By Shaun Thompson at 11:24 am 12/09/2012
By Shaun Thompson at 11:24 am 12/09/2012
England played host to Ukraine last night in their second World Cup Qualifier for Brazil 2014. Michael Carrick and Danny Welbeck may have been on the England bench but Tom Cleverley began his second successive competitive game for England and his first at Wembley.
He began the game almost unrecognised as England’s front men and wide players struggled to gain any decent possession of the ball. It actually took until the 22nd minute for Tom Cleverley to pick up the ball in any threatening area.
On countless ocassions, the ball was sprayed into a wide area and a hopeful cross would be cleared and lead to nothing. It screams of a typical English side, looking to desperately score a goal without any actual penetration or intelligent play. Never, has the opinion of mine, that Tom Cleverley must be partnered with a forward-thinking central midfielder been more evident that now.
Anderson is often deployed as his partner in a midfield two at Manchester United as he has a tendancy to drive forward and take risks, which is often why the Brazilian is criticised by many fans. Despite impressing against Moldova playing in the hole, his natural position is back in the centre of midfield and I think that he needs to be played there to get the best out of him.
Just 12 minutes later, Tom Cleverley had a golden chance to give England the lead as Jermain Defoe’s header cried out for a finishing touch but Tom’s shot somehow managed to hit the legs of Ukrainian goalkeeper Andriy Pyatov. A sitter? Yes. It made for even more criticism as Ukraine took the lead soon after following a stunning goal from Ukrainian wonderkid Yevhen Konoplyanka.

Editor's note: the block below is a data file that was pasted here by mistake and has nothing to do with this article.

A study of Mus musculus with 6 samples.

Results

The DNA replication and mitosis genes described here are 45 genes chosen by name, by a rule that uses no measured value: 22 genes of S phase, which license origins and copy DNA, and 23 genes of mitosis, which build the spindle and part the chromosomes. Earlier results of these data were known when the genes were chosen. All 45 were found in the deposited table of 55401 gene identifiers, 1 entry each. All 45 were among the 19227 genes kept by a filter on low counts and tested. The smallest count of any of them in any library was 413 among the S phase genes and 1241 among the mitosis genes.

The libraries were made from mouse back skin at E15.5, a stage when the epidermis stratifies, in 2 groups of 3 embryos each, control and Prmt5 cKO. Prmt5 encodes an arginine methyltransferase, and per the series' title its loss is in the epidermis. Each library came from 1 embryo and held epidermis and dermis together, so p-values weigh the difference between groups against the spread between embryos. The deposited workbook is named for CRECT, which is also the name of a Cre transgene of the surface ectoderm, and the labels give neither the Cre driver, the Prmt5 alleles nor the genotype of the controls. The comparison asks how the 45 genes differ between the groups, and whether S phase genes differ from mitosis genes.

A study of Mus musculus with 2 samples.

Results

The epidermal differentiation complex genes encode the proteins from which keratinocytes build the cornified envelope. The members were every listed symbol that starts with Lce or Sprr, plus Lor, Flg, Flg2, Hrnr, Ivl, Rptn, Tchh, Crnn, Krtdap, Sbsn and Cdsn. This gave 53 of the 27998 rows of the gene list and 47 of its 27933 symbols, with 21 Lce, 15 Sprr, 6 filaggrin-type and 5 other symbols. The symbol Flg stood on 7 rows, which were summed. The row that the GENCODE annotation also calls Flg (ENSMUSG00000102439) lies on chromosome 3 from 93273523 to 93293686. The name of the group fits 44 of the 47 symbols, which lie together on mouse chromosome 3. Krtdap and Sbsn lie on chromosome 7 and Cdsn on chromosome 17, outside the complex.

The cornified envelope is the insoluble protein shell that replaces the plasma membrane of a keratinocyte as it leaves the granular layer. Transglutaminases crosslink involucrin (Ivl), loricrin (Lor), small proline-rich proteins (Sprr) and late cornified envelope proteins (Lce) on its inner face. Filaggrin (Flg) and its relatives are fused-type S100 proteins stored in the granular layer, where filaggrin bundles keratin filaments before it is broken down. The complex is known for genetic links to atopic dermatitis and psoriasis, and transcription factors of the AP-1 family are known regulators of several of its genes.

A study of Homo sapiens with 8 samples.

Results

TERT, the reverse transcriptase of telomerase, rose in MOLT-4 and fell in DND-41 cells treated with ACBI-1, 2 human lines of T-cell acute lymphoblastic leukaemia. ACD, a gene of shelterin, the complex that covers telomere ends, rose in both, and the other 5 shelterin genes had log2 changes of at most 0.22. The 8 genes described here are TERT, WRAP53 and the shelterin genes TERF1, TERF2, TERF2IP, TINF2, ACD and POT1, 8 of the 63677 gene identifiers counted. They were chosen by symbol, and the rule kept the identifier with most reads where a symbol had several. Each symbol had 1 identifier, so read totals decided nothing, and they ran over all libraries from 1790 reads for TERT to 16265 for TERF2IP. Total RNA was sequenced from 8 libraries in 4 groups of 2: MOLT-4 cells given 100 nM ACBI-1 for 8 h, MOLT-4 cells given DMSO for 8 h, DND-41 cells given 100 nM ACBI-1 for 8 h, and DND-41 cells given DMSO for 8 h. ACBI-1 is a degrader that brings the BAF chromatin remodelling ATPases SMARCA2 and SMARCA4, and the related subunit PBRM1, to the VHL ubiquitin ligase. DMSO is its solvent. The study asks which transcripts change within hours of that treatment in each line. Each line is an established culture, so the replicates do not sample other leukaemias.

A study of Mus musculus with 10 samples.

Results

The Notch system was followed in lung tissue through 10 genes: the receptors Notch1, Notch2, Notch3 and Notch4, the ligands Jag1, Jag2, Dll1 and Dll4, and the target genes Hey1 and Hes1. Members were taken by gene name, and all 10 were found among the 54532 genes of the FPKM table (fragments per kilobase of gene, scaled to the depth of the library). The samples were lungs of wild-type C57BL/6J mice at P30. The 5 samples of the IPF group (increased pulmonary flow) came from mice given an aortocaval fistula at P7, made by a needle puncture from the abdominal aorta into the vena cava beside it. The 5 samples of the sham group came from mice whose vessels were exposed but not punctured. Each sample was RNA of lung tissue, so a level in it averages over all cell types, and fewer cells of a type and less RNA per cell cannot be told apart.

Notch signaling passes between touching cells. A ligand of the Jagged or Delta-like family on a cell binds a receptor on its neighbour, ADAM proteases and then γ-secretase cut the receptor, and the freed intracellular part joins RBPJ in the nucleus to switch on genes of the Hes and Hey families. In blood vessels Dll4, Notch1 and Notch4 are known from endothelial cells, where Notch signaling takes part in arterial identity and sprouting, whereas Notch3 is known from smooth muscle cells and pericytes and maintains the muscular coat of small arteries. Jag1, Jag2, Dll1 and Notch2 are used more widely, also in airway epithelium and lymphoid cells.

Just before half-time, Tom Cleverley had another chance to equalise for England as Frank Lampard pulled a ball back from the right-hand side as Cleverley’s misplaced shot dragged wide of the far post. This one was, however, a much more difficult chance but he should still have been hitting the target at least. There was more frustration before the half-time interval too as Tom Cleverley‘s tidy feet and movement gave him space to shoot but it ricocheted off the outside of the post.
The second half rumbled on and Tom Cleverley was becoming less effective as the game continued, not by choice, but by the inability of those around him to get him involved as much as he would have liked. The bright midfielder was again involved just after the hour mark as his tidy one-two with Leighton Baines almost set up a chance for Frank Lampard.
He was replaced a minute later by his club teammate, Danny Welbeck. Tom didn’t have the best of games – his head was down after missing a few chances and he wasn’t able to impact and influence the game as much as he did against Moldova.
“I know I’m up against some great competition, Roy Hodgson has a wide variety of strikers to choose from. Jermain Defoe was selected ahead of me tonight and he’s a sharp shooter. I’m just biding my time and looking to make an impact when I do get on the pitch.” Danny Welbeck
It didn’t take Danny Welbeck too long to get involved as he controlled a steering pass to the left-hand side well, held-up the ball and laid off neatly for Frank Lampard, but it came to nothing. It took until the 80th minute for Welbeck to make a real impact as his one-two passing between teammates pushed Ukraine further back. He was unlucky not to get himself on the score sheet after he controlled a Daniel Sturridge cross but thumped his effort against the post from six-yards out.
Only a couple of minutes later, Danny Welbeck was involved again. This time he tumbled over the leg of a Ukrainian defender. The instant reaction was penalty, but replays showed that there was minimal contact.
Danny Welbeck‘s hard work and endeavour was rewarded soon after as his clever control and flick over the Ukraine defence was blantantly handballed and earned England a penalty, which Frank Lampard typically smashed down the middle.
It was a good nights work for both Manchester United‘s youngsters who, despite not impressing everyone, were certainly heavily involved in many things good for England.